Article date: December 16, 2013

By Stacy Simon

The rate of death from cancer in the United States continues to decline among both men and women, among all major racial and ethnic groups, and for the most common types of cancer, including lung, colon, breast, and prostate. The Annual Report to the Nation on the Status of Cancer, published early online Monday in the journal Cancer, shows that the death rate from all cancers combined is continuing the decline that began in the early 1990s. The report’s special feature section focuses on the ways other medical conditions impact survival among people with the most common types of cancer.

The American Cancer Society, the North American Association of Central Cancer Registries, the Centers for Disease Control and Prevention, and the National Cancer Institute work together to create the report, which has been published each year since 1998. It provides an update of new cancer cases, death rates, and trends in the United States.

Gender and race

From 2001 through 2010, death rates from all cancers combined decreased on average 1.8% per year among men and 1.4% per year among women. Death rates among children decreased by 2% per year.

The rate of new cancer cases decreased by an average 0.6% per year among men between 2001 and 2010 and stayed the same for women. But for children ages 14 and younger, the rate of new cancer cases increased by 0.8%.

The highest rates of new cancer cases and cancer death rates between 2006 and 2010 were among black men. Lung, prostate, and colon cancer were the leading causes of cancer death among men in almost every racial and ethnic group. For most groups of women, the leading causes of cancer death were lung, breast, and colon cancer.

Specific cancer types

Death rates from lung cancer dropped among women from 2006 to 2010. Lung cancer death rates in men also dropped, as they have since the early 1990s. These findings are largely attributed to declines in smoking.

Colon cancer death rates continue to decline, which the report attributes largely to improvements in the use of colon cancer screening. The rate of breast cancer cases between 2001 and 2010 increased among black women, but stayed the same for all other racial and ethnic groups. The rate of breast cancer deaths declined for most groups.

The rate of new cases of some cancers, including pancreas, kidney, thyroid, liver, melanoma of the skin, myeloma (cancer of plasma cells), and non-Hodgkin lymphoma increased in men from 2001 through 2010.

For women during this time period, the rate of new cases increased for cancers of the thyroid, melanoma of the skin, kidney, pancreas, liver, and uterus.

Among the risk factors for some of these cancer types are excess weight and lack of physical activity.

How other diseases affect survival

Each year, the report includes a special feature section. This year’s section evaluates the impact of other diseases – called comorbidities – on surviving lung, colon, breast, or prostate cancer. The report examines how comorbidities affect the likelihood a patient is to die from their cancer or another cause, depending on factors including severity of the disease, type and stage of cancer, and age. Having this type of information is important for patients and doctors to make informed decisions about treatment.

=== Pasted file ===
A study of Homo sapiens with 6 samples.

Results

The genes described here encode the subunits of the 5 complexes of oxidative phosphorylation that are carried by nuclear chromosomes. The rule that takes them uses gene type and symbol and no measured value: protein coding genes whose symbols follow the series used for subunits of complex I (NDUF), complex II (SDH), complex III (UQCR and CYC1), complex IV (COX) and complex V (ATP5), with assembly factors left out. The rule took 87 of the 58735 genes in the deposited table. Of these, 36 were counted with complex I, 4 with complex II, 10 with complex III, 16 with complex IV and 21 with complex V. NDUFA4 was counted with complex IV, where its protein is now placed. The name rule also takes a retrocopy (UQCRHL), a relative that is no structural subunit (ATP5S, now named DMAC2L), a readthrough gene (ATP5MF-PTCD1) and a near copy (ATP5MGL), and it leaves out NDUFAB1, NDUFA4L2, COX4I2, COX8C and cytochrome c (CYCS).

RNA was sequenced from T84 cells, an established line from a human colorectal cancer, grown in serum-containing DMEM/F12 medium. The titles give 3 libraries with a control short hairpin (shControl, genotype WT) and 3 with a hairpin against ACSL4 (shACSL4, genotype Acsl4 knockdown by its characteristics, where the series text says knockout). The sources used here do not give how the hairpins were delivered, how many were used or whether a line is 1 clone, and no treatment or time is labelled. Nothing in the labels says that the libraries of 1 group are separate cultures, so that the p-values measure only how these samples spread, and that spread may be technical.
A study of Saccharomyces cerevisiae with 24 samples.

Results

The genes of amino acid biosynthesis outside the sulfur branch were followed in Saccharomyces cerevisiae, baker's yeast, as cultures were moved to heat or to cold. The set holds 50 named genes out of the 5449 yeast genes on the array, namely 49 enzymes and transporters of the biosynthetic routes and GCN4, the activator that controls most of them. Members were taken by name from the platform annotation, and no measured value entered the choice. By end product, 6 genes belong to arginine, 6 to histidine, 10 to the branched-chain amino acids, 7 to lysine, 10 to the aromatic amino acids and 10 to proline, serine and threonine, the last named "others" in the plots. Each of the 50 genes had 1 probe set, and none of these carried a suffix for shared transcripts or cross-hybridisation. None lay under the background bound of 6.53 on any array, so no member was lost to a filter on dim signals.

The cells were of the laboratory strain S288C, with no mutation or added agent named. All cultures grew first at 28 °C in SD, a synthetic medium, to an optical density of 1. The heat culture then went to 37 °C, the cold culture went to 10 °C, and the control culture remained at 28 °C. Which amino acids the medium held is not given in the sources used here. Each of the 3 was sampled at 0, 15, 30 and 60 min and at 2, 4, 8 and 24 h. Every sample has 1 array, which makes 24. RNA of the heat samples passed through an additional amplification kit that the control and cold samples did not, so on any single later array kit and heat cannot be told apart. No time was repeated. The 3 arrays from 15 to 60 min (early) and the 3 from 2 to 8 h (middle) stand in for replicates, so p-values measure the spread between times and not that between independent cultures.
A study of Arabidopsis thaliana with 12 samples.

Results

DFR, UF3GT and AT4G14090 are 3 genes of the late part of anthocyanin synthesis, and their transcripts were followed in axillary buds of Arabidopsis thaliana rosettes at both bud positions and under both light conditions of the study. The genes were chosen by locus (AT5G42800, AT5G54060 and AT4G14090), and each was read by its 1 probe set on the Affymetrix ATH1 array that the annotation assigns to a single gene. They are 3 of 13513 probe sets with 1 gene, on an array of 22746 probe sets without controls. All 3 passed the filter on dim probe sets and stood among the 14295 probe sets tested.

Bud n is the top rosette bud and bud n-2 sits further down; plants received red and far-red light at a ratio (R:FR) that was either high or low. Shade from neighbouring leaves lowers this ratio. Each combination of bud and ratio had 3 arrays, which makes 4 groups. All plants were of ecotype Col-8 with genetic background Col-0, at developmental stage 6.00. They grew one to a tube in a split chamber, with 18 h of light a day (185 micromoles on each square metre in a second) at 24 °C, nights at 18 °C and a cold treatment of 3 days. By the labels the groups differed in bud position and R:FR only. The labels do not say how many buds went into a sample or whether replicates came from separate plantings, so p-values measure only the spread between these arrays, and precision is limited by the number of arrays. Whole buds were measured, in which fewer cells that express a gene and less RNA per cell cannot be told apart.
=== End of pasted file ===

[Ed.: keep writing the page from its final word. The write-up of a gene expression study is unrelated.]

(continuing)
The most common non-cancer conditions among cancer patients were diabetes, chronic obstructive pulmonary disease (COPD), congestive heart failure, and cerebrovascular disease (problems with blood vessels in the brain). Men with prostate cancer and women with breast cancer were less likely than people with colon or lung cancer to have a comorbidity. People with lung cancer were the most likely to have comorbidities, and the most common was COPD.

Among women with breast cancer, those diagnosed at an early stage were much more likely to die from a cause other than cancer. Both comorbidity and age affected overall survival, as it did for women with regional stage cancer. However, among women diagnosed with breast cancer at a late stage, about 69% or more died from cancer within 5 years after diagnosis, at all levels of age or comorbidity. The findings were similar for men with prostate cancer.

Among men and women with colon cancer, at all ages and comorbidity levels, approximately 7% to 26% of those diagnosed at an early stage died from their cancer compared with 25% to 44% diagnosed at a later stage and more than 80% of those diagnosed at the latest stages. Overall survival and likelihood of dying from non-cancer causes were strongly linked to cormorbidity level and age in all but the latest stages.

The affect of comorbidities on the likelihood of both cancer and non-cancer death was smaller for lung cancer than for other cancers because of lung cancer’s relatively poor prognosis even among people diagnosed at an early stage.

Citation: Annual Report to the Nation on the Status of Cancer, 1975–2010, Featuring Prevalence of Comorbidity and Impact on Survival Among Persons With Lung, Colorectal, Breast, or Prostate Cancer. Published early online December 16, 2013 in Cancer. First author: Brenda K. Edwards, PhD, National Cancer Institute, Bethesda, Md.

Reviewed by: Members of the ACS Medical Content Staff

ACS News Center stories are provided as a source of cancer-related news and are not intended to be used as press releases. For reprint requests, please contact permissionrequest@cancer.org.